The NASA/ESA/CSA James Webb Space Telescope has enabled another long-sought scientific breakthrough, this time for Solar System scientists studying the origins of the water that has made life on Earth possible. Using Webb’s NIRSpec (Near-Infrared Spectrograph) instrument, astronomers have confirmed gas – specifically water vapour – around a comet in the main asteroid belt for the first time, proving that water from the primordial Solar System can be preserved as ice in that region. However, the successful detection of water comes with a new puzzle: unlike other comets, Comet 238P/Read had no detectable carbon dioxide.
“Our water-soaked world, teeming with life and unique in the universe as far as we know, is something of a mystery – we’re not sure how all this water got here,” said Stefanie Milam, Webb Deputy Project Scientist for Planetary Science and a co-author on the study reporting the finding. “Understanding the history of water distribution in the Solar System will help us to understand other planetary systems, and if they could be on their way to hosting an Earth-like planet,” she added.
Comet Read is a main-belt comet – an object that resides in the main asteroid belt but which periodically displays a halo, or coma, and tail like a comet. Main-belt comets themselves are a fairly new classification, and Comet Read was one of the original three comets used to establish the category. Before that, comets were understood to originate in the Kuiper Belt and Oort Cloud, beyond the orbit of Neptune, where their ices could be preserved farther from the Sun. Frozen material that vaporises as they approach the Sun is what gives comets their distinctive coma and streaming tail, differentiating them from asteroids. Scientists have long speculated that water ice could be preserved in the warmer asteroid belt, inside the orbit of Jupiter, but definitive proof was elusive – until Webb.
“In the past we’ve seen objects in the main-belt with all the characteristics of comets, but only with this precise spectral data from Webb can we say yes, it’s definitely water ice that is creating that effect,” explained astronomer Michael Kelley of the University of Maryland, lead author of the study.
“With Webb’s observations of Comet Read, we can now demonstrate that water ice from the early Solar System can be preserved in the asteroid belt,” Kelley said.
The missing carbon dioxide was a bigger surprise. Typically carbon dioxide makes up about 10 percent of the volatile material in a comet that can be easily vapourised by the Sun’s heat. The science team presents two possible explanations for the lack of carbon dioxide. One possibility is that Comet Read did have carbon dioxide when it formed, but has lost that because of warm temperatures.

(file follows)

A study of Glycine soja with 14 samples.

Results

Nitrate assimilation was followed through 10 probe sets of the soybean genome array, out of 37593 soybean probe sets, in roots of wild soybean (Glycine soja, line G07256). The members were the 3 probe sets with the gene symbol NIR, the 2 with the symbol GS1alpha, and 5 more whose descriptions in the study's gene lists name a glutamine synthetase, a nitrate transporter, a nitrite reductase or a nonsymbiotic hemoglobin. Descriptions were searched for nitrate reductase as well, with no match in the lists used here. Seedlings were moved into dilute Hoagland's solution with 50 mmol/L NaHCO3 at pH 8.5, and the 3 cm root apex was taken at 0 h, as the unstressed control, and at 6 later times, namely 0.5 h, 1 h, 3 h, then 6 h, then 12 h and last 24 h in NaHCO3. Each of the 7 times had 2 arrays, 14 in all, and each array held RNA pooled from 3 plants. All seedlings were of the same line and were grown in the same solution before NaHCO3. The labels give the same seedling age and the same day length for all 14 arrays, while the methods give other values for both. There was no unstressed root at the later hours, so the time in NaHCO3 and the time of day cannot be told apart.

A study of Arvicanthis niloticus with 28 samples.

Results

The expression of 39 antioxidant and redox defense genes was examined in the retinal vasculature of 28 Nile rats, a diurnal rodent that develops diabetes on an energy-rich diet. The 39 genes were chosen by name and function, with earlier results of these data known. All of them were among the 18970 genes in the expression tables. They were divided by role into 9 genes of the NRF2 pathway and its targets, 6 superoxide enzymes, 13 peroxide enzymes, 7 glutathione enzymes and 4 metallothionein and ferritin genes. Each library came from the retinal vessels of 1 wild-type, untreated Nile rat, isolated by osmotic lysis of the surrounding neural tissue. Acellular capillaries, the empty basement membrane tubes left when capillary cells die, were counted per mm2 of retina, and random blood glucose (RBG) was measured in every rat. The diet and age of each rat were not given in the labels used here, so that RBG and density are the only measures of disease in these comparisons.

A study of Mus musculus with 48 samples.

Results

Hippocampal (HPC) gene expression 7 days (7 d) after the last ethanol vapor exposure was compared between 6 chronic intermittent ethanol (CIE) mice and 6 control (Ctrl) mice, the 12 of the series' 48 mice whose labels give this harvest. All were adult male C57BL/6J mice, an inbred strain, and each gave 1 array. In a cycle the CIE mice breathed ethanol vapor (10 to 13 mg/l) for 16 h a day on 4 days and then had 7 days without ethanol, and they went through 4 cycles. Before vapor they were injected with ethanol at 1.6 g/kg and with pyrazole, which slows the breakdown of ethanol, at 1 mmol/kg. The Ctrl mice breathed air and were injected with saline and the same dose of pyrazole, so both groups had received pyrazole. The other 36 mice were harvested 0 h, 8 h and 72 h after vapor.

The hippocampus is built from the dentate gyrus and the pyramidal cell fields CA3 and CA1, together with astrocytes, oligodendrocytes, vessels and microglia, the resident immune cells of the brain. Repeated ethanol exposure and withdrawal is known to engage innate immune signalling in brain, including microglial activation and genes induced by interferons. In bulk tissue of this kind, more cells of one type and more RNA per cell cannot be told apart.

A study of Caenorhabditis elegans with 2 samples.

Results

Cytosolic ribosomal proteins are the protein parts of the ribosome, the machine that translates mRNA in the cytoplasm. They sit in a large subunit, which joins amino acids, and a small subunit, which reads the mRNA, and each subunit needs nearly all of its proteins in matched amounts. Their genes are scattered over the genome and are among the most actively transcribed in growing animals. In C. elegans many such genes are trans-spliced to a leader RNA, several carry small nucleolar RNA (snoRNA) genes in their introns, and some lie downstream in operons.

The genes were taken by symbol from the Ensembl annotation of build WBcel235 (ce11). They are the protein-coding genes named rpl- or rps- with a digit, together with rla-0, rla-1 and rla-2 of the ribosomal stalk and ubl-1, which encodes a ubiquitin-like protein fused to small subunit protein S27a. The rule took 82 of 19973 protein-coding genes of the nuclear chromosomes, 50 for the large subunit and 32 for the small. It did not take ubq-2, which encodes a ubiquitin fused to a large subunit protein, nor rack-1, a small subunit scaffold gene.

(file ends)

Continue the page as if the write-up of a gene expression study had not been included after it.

“Being in the asteroid-belt for a long time could do it – carbon dioxide vaporises more easily than water ice, and could percolate out over billions of years,” Kelley said. Alternatively, he said, Comet Read may have formed in a particularly warm pocket of the Solar System, where no carbon dioxide was available.
The next step is taking the research beyond Comet Read to see how other main-belt comets compare, says astronomer Heidi Hammel of the Association of Universities for Research in Astronomy (AURA), lead for Webb’s Guaranteed Time Observations for Solar System objects and co-author of the study. “These objects in the asteroid belt are small and faint, and with Webb we can finally see what is going on with them and draw some conclusions. Do other main-belt comets also lack carbon dioxide? Either way it will be exciting to find out,” Hammel said.
Co-author Milam imagines the possibilities of bringing the research even closer to home. “Now that Webb has confirmed there is water preserved as close as the asteroid belt, it would be fascinating to follow up on this discovery with a sample collection mission, and learn what else the main-belt comets can tell us.”
The study is published in the journal Nature.
ESA has a long history of exploring comets, both from a distance and up close. In 1986, the Agency’s Giotto mission was the first to provide good resolution images of a comet’s nucleus when it got close to Halley’s Comet. Then during 2014–2016 Rosetta became the first mission to monitor how a comet changes as it swings around the Sun. Both Giotto and Rosetta’s target comets are thought to have once originated from the outer reaches of the Solar System, but have since passed close to the Sun many times. ESA’s next comet mission is different: due to launch in 2029, Comet Interceptor will be the first to visit a ‘pristine’ comet as it journeys into the inner Solar System for the first time. One of Comet Interceptor’s ambitious goals is to explore how comets are responsible for delivering water to Earth, resulting in a life-friendly ecosystem.
Webb is the largest, most powerful telescope ever launched into space. Under an international collaboration agreement, ESA provided the telescope’s launch service, using the Ariane 5 launch vehicle. Working with partners, ESA was responsible for the development and qualification of Ariane 5 adaptations for the Webb mission and for the procurement of the launch service by Arianespace. ESA also provided the workhorse spectrograph NIRSpec and 50% of the mid-infrared instrument MIRI, which was designed and built by a consortium of nationally funded European Institutes (The MIRI European Consortium) in partnership with JPL and the University of Arizona.
Webb is an international partnership between NASA, ESA and the Canadian Space Agency (CSA).